This study and its write-up were supported by grants from the National Institute of Child Health and Human Development and the National Institute of Mental Health (9R01 HD058305-11A1 and R01-MH58066).
What Ever Happened to the “Cool” Kids? Long-Term Sequelae of Early Adolescent Pseudomature Behavior
Article first published online: 11 JUN 2014
© 2014 The Authors. Child Development © 2014 Society for Research in Child Development, Inc.
How to Cite
Allen, J. P., Schad, M. M., Oudekerk, B. and Chango, J. (2014), What Ever Happened to the “Cool” Kids? Long-Term Sequelae of Early Adolescent Pseudomature Behavior. Child Development. doi: 10.1111/cdev.12250
- Article first published online: 11 JUN 2014
- National Institute of Child Health and Human Development
- National Institute of Mental Health. Grant Numbers: 9R01 HD058305-11A1, R01-MH58066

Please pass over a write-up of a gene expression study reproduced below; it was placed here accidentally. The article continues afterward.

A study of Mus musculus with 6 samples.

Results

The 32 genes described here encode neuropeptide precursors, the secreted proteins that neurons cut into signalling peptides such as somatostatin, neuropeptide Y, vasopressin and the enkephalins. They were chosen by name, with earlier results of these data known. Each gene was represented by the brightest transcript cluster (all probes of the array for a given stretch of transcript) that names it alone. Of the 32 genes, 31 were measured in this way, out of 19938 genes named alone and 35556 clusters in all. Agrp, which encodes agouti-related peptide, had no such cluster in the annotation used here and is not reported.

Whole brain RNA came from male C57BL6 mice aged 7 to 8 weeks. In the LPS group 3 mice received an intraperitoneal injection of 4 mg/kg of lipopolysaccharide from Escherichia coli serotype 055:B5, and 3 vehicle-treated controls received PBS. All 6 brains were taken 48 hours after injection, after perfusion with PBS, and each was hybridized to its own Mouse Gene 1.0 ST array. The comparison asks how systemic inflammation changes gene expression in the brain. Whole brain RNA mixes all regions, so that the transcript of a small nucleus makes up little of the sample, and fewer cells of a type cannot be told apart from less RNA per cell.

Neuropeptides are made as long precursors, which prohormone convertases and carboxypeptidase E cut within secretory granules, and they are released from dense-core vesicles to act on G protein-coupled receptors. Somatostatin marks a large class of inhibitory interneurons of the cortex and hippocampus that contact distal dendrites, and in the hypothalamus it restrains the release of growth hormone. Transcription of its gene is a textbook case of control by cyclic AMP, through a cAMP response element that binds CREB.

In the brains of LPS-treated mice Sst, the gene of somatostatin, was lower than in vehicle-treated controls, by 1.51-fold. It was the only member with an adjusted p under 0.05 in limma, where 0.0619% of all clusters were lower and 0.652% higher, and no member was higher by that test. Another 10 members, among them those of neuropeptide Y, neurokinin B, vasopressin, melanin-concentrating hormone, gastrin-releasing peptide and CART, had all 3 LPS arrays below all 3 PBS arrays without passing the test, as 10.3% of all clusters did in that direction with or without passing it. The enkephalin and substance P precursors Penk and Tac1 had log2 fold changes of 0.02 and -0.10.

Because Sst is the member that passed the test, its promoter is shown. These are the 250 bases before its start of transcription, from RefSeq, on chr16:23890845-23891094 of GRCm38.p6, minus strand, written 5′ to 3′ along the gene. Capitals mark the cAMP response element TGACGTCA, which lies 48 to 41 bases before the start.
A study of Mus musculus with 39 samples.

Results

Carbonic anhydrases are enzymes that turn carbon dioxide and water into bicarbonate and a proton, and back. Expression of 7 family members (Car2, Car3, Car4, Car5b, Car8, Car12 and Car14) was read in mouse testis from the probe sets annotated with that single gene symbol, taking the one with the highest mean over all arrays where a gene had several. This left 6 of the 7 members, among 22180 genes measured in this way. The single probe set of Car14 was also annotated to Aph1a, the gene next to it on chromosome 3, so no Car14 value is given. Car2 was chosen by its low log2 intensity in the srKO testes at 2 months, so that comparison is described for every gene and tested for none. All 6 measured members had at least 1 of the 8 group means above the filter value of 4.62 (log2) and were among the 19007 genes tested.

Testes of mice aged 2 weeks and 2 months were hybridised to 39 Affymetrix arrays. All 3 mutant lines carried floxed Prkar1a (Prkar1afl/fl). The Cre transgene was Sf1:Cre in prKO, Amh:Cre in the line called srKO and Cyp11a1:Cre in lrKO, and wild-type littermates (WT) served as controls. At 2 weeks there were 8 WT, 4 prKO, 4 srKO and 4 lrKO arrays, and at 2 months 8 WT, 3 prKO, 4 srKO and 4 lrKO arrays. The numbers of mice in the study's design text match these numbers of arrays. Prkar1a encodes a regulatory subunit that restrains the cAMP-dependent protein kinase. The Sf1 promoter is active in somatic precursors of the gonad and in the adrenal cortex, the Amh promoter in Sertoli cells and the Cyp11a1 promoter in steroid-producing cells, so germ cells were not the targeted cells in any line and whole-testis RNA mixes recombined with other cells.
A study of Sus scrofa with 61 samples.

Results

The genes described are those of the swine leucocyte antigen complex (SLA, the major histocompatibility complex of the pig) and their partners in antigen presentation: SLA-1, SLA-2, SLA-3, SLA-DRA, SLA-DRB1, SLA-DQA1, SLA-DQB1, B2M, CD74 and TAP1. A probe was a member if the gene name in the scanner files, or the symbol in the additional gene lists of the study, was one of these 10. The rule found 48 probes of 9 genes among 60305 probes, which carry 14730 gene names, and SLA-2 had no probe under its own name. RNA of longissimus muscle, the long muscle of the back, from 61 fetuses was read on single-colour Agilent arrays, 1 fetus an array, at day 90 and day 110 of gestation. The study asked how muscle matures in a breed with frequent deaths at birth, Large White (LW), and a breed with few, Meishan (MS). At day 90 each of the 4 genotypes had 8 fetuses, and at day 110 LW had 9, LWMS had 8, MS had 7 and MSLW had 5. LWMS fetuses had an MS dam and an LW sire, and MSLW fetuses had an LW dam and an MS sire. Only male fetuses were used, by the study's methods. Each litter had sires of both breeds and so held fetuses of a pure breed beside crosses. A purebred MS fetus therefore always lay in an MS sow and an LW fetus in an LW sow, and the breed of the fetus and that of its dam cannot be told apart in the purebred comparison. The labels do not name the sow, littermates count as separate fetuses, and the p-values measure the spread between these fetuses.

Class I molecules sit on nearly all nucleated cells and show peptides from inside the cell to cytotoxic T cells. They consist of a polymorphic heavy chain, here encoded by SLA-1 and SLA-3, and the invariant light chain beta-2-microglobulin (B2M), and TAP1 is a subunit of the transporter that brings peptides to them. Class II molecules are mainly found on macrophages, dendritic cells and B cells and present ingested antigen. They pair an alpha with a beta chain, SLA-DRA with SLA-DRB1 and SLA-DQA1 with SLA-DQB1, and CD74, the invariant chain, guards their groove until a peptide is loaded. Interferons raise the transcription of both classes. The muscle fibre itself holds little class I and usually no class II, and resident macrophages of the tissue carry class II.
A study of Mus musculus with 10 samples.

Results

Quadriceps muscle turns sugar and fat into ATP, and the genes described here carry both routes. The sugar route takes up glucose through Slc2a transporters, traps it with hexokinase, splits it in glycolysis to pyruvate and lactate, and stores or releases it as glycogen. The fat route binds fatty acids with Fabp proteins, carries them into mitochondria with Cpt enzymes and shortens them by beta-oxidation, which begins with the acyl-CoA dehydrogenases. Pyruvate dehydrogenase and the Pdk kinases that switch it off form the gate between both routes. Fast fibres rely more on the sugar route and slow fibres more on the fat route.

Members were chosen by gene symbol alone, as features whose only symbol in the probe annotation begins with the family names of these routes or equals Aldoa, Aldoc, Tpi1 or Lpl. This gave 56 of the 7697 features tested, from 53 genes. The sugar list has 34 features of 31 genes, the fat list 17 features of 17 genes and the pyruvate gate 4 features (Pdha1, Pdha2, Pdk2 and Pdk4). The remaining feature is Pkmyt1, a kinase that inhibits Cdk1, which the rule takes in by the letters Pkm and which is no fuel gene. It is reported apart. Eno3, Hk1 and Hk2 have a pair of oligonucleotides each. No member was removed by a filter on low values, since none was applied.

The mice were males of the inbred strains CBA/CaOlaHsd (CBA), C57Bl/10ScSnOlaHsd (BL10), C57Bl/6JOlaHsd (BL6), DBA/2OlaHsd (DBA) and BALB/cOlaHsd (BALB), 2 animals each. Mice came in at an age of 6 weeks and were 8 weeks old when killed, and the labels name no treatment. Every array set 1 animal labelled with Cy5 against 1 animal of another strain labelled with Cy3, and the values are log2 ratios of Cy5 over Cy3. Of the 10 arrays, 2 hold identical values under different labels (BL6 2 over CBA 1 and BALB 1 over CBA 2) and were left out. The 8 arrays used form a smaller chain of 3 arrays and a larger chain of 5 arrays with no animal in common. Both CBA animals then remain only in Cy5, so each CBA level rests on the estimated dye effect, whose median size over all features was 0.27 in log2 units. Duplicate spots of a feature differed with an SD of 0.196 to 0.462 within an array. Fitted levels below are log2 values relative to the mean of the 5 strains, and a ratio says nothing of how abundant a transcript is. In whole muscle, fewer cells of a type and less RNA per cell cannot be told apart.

Pseudomature behavior—ranging from minor delinquency to precocious romantic involvement—is widely viewed as a nearly normative feature of adolescence. When such behavior occurs early in adolescence, however, it was hypothesized to reflect a misguided overemphasis upon impressing peers and was considered likely to predict long-term adjustment problems. In a multimethod, multireporter study following a community sample of 184 adolescents from ages 13 to 23, early adolescent pseudomature behavior was linked cross-sectionally to a heightened desire for peer popularity and to short-term success with peers. Longitudinal results, however, supported the study's central hypothesis: Early adolescent pseudomature behavior predicted long-term difficulties in close relationships, as well as significant problems with alcohol and substance use, and elevated levels of criminal behavior.